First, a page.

Image: A person who consumed illicitly brewed liquor awaits treatment at a hospital
Ajit Solanki  /  AP
A person who consumed illicitly brewed liquor waits for treatment at a hospital in Ahmadabad, India, on Thursday. Dozens of people, mostly poor workers living in slums, have died over the past few days after drinking tainted home-brewed liquor in the western state of Gujarat.
updated 7/9/2009 6:28:34 PM ET 2009-07-09T22:28:34

At least 69 people, mostly poor workers living in slums, have died over the past few days after drinking tainted home-brewed liquor in western India, an official said Thursday.

The tragedy began unfolding on Monday when people began to fall sick after drinking sessions over the weekend in Ahmadabad, the main city in Gujarat state.

The death toll now stands at 69, said I.P. Gautam, the chief municipal official of Ahmadabad. He said 120 people were being treated in four hospitals.

Deaths from drinking illegally brewed cheap alcohol are common in India, where few people can afford licensed liquor. Known locally as desi daru (pronounced THEY-see DAA-roo), illicit liquor is often spiked with pesticides or chemicals to increase its potency.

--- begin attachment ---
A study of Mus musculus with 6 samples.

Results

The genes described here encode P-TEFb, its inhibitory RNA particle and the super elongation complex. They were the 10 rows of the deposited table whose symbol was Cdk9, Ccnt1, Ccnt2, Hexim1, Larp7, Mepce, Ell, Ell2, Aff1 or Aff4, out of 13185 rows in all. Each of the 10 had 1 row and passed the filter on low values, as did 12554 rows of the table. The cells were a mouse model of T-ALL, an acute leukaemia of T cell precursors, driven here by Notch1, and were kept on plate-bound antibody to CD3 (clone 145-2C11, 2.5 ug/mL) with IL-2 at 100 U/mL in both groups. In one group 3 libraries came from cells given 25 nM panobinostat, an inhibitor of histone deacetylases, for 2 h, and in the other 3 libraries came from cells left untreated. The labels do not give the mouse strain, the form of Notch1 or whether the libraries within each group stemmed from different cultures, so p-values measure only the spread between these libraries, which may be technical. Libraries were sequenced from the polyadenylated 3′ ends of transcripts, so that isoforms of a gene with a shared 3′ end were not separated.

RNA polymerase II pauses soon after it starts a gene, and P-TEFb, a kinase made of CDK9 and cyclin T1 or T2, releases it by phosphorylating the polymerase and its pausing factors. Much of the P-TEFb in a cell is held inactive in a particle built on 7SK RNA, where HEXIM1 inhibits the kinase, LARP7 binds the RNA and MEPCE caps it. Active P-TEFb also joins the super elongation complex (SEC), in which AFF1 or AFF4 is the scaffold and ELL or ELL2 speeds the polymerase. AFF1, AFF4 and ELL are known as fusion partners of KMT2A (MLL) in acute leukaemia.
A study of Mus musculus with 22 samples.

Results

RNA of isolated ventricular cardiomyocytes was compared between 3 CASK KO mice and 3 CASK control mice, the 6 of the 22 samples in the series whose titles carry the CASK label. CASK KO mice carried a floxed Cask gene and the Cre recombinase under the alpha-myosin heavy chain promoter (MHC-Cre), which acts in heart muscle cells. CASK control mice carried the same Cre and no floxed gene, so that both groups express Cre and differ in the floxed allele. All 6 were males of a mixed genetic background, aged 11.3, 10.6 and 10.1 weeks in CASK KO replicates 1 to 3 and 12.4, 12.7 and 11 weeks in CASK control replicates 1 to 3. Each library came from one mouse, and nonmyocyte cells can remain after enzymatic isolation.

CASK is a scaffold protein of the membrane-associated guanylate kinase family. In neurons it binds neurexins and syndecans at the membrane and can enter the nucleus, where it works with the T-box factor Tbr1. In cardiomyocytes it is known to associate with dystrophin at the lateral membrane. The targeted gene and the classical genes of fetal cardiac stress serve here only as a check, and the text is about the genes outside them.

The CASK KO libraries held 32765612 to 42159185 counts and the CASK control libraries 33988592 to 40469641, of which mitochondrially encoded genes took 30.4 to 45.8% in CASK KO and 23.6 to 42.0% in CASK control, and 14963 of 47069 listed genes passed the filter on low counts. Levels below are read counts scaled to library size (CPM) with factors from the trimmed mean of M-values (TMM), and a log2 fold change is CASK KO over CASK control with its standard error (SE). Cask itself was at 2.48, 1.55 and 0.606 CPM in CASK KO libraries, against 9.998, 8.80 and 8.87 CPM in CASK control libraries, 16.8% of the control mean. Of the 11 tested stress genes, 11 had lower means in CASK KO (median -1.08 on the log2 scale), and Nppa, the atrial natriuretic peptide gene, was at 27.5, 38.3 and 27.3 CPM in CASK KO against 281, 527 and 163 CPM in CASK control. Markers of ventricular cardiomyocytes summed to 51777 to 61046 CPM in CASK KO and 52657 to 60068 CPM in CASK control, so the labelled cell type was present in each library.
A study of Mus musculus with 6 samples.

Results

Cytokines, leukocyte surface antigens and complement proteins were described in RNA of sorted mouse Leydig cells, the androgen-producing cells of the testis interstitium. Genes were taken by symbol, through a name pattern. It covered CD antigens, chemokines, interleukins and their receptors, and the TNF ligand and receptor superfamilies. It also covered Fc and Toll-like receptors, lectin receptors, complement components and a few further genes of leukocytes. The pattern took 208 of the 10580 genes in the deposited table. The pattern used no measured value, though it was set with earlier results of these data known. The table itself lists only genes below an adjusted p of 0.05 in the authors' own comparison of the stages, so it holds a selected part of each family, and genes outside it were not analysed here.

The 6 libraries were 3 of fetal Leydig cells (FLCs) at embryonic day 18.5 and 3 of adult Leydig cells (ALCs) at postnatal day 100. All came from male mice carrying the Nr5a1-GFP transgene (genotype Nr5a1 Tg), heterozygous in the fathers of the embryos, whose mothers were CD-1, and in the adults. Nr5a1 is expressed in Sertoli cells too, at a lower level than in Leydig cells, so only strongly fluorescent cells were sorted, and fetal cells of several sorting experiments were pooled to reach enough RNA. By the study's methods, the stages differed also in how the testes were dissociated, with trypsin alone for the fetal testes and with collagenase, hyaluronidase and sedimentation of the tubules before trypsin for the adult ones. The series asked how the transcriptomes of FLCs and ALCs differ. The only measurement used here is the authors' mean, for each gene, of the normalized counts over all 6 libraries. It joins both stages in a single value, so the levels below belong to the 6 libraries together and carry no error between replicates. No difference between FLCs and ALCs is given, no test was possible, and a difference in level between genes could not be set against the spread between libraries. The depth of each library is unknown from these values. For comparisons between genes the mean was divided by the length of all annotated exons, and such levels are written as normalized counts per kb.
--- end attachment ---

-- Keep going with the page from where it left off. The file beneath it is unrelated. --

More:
Found dead on streets
In Gujarat, the problem is worse because the state law prohibits the sale of all liquor. Gujarat is the home state of India's independence leader, Mohandas Gandhi, who was a strong advocate of prohibition.

In the latest scourge, most deaths occurred after drinkers were admitted to hospitals. Others were found dead on the streets.

Authorities asked a retired judge to probe the deaths and suspended six police officers for negligence of duty, said state Home Minister Amit Shah. A large number of suspects have been questioned but no arrests have been made.

Most of the victims lived in the Majur Gam and Odhav localities of Ahmadabad — slums inhabited by thousands of mostly poor laborers.

They included Arvind Solanki who allegedly brewed the tainted drink in his home and sold it to the workers, said Saikia.

Solanki, his son and another relative drank the liquor to prove it was of good quality after some customers complained about the brew's bitter taste, a police officer said on condition of anonymity as he was not authorized to talk to reporters.

All three died in the hospital, the officer said.

In 1980, 128 people died after drinking tainted liquor in Majur Gam.